Figs and fig trees are native to the Mediterranean region and the Middle East – and not exactly common in colder climates like Central New York. But Faraj Aouad, owner of Omar’s Beauty Salon, on Thompson Road, patiently persists in growing them here.
Faraj, a native of Lebanon, says he started with three trees (bearing common black and white figs) and now has 15 of them. In early September, when the figs start to ripen, he puts a small, hand-lettered sign out in front of his salon offering Fresh Organic Figs.
If your only experience with figs is in Fig Newtons, you haven’t truly experienced figs – and you are in for a treat. We picked some up from Faraj on Saturday and they were lush and ripe – plump and swollen, like tender little balloons. They’re purplish-green on the outside, reddish and seedy on the inside and a little bit squishy.
Last year, we ate them out of hand and in green salads. On Saturday, I halved them, tossed them lightly with olive oil, balsamic vinegar and a touch of honey and roasted them in the oven just long enough to render them syrupy but still hold some of their shape.
I used a small amount on pizza and refrigerated the rest to eat with my morning yogurt. They also are a delicious partner with blue cheese and make an excellent crostini with goat cheese or ricotta spread on some toasted bread, then topped with rosted figs.
Figs also pair nicely with cured meats like prosciutto and salami – the combination of sweet fruit and salty meat is hard to resist. We put roasted figs, caramelized onion and strips of salami on top of a “white pizza’’ – olive oil, garlic and several cheeses -- with yummy results.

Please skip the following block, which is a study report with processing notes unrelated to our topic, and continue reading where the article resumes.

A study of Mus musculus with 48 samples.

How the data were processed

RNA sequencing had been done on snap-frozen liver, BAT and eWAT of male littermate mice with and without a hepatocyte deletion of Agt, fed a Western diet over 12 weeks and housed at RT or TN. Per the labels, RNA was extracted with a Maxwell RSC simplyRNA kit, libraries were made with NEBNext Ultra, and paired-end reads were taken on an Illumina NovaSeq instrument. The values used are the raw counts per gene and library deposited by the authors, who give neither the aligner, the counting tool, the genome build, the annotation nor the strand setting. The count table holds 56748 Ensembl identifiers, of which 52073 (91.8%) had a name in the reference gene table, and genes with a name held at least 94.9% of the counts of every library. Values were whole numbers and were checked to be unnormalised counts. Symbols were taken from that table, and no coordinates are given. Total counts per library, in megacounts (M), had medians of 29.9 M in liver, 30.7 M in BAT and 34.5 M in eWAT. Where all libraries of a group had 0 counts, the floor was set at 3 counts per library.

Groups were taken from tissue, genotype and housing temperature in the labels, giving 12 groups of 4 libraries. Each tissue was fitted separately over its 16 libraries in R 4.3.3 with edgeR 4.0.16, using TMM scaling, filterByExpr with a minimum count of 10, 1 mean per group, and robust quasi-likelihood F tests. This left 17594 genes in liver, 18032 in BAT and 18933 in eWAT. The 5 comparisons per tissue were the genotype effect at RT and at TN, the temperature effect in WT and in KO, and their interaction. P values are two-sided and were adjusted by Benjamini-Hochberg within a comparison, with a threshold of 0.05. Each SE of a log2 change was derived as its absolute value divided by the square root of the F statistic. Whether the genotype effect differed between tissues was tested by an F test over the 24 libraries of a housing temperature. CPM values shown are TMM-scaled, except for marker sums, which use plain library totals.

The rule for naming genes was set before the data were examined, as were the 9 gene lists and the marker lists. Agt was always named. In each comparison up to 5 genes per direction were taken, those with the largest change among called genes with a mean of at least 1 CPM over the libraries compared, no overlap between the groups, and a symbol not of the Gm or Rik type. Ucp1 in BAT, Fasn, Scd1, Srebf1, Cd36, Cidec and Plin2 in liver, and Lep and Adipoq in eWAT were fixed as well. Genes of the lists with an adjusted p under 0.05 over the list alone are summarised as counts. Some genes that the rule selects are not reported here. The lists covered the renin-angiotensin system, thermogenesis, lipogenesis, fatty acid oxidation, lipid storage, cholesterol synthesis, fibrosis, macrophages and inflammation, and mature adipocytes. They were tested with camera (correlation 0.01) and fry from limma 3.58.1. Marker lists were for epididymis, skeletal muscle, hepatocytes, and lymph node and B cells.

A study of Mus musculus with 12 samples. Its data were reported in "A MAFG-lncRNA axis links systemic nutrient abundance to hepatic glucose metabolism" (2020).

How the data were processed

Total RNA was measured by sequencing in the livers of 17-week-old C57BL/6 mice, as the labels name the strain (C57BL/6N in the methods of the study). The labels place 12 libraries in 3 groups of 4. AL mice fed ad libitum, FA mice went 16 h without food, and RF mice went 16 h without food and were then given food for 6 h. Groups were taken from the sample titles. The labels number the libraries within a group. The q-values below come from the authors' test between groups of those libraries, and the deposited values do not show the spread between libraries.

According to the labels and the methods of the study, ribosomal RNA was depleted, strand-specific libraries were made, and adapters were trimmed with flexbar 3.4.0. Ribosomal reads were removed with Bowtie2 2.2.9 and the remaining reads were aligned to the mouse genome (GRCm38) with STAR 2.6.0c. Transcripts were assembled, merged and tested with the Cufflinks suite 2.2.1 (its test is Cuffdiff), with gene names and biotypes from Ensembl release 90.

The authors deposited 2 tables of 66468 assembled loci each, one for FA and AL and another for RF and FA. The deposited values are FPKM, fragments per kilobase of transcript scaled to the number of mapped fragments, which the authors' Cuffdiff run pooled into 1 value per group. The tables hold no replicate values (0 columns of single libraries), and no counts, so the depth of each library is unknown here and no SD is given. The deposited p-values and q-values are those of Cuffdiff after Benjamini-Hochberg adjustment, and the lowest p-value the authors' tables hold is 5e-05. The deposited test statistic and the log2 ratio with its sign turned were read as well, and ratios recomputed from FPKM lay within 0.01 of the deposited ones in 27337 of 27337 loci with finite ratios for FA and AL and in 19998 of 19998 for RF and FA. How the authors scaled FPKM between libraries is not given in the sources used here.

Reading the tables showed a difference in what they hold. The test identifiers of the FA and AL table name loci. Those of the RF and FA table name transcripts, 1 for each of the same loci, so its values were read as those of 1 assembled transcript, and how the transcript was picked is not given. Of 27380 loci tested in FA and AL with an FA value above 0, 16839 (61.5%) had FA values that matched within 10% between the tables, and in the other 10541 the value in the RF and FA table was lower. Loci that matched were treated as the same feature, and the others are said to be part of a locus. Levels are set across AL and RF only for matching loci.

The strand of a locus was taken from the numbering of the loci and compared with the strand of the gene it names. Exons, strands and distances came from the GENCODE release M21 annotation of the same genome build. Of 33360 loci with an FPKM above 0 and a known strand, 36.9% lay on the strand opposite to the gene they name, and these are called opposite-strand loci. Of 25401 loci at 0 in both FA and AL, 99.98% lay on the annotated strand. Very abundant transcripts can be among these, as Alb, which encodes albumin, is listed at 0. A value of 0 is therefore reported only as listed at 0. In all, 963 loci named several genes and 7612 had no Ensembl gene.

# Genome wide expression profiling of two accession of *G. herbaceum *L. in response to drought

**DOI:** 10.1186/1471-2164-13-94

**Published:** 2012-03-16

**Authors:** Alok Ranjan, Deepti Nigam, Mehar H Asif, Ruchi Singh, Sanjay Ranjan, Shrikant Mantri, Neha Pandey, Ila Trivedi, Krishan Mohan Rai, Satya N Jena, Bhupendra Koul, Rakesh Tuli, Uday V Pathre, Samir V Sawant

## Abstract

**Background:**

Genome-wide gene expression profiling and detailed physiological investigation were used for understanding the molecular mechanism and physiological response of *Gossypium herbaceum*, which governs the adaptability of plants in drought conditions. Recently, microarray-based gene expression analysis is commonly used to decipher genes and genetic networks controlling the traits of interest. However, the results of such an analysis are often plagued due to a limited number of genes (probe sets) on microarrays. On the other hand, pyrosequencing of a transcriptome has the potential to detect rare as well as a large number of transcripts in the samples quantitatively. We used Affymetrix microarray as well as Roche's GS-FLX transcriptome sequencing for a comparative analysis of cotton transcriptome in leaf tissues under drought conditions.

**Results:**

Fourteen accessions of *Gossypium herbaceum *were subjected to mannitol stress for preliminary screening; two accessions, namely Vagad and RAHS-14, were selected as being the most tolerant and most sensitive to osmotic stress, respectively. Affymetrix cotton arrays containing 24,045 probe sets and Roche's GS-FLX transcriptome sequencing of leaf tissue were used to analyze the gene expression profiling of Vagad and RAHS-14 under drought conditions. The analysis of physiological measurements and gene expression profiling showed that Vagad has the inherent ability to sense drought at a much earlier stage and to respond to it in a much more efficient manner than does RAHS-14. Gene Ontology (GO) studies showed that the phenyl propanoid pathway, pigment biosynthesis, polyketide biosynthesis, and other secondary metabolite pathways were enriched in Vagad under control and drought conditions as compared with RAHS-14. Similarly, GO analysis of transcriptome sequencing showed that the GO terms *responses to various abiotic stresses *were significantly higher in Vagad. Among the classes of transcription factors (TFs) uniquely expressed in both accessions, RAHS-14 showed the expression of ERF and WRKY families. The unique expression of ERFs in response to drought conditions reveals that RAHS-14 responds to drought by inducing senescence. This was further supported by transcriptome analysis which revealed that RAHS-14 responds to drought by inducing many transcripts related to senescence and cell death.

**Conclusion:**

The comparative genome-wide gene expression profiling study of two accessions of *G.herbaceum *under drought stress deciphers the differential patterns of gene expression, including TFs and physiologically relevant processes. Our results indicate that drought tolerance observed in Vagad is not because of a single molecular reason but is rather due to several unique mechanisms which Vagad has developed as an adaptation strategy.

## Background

Get some while they last and have fun experimenting with them. And tell your friends about the man who grows figs in a place where one doesn’t expect them to thrive.
Figs are available at Omar’s Beauty Salon, 5829 Thompson Road, DeWitt, for a limited time. It is best to call ahead. Call 315-446-0101 or 315-445-1190. If you have a small market basket or produce container, bring it with you. Figs are fragile and need to be used quickly. They’re priced at about three for $1.
Pizza with Roasted Figs, Caramelized Onion and Salami
Half of a small red onion, sliced; caramelized
1 package Columbus Bakery pizza dough (or your favorite pizza dough)
¼ cup olive oil (approximately)
2 plump cloves garlic, minced
About 1.5 cups grated cheese of your choice (I used a combination of grated Jarlsberg and Parmesan)
4 ounces fresh mozzarella cheese, cubed
Half cup (approximately) roasted figs (see below)
4 ounces (approximately) salami, cut in thin strips
Handful of fresh basil, julienned
Freshly ground black pepper, to taste
A couple hours before you're ready to cook pizza, put pizza dough in an oiled bowl and cover with a towel. Punch the dough down every now and then.
Heat oven to 500 degrees. Put oven rack in lowest position. Grease a perforated pizza pan.
Place pizza dough on greased pan and stretch/roll it out it to edge of pan to create a thin crust. Combine olive oil and garlic. Drizzle olive oil on crust and spread it to edges of crust using a brush or your hands.
Sprinkle on the grated cheeses, then arrange fresh mozzarella cube on top. Top the pizza with caramelized onion, roasted figs and salami. Don’t use so many toppings that you can’t see the cheese; heavy toppings can make for a soggy crust. Garnish with julienned basil and freshly ground black pepper.
Bake pizza until crust is golden brown and cheese is bubbling, about 13-15 minutes. Let rest about 3 minutes then transfer to a cutting board and slice. Makes about 8 servings (one slice).
To roast figs: Rinse and halve figs. Toss with a little olive oil, balsamic vinegar and honey. Line a rimmed baking sheet with parchment paper. Roast figs at 400 degrees for 15 minutes (approximately). Transfer to a bowl, saving the juices. Cool, then cover and refrigerate.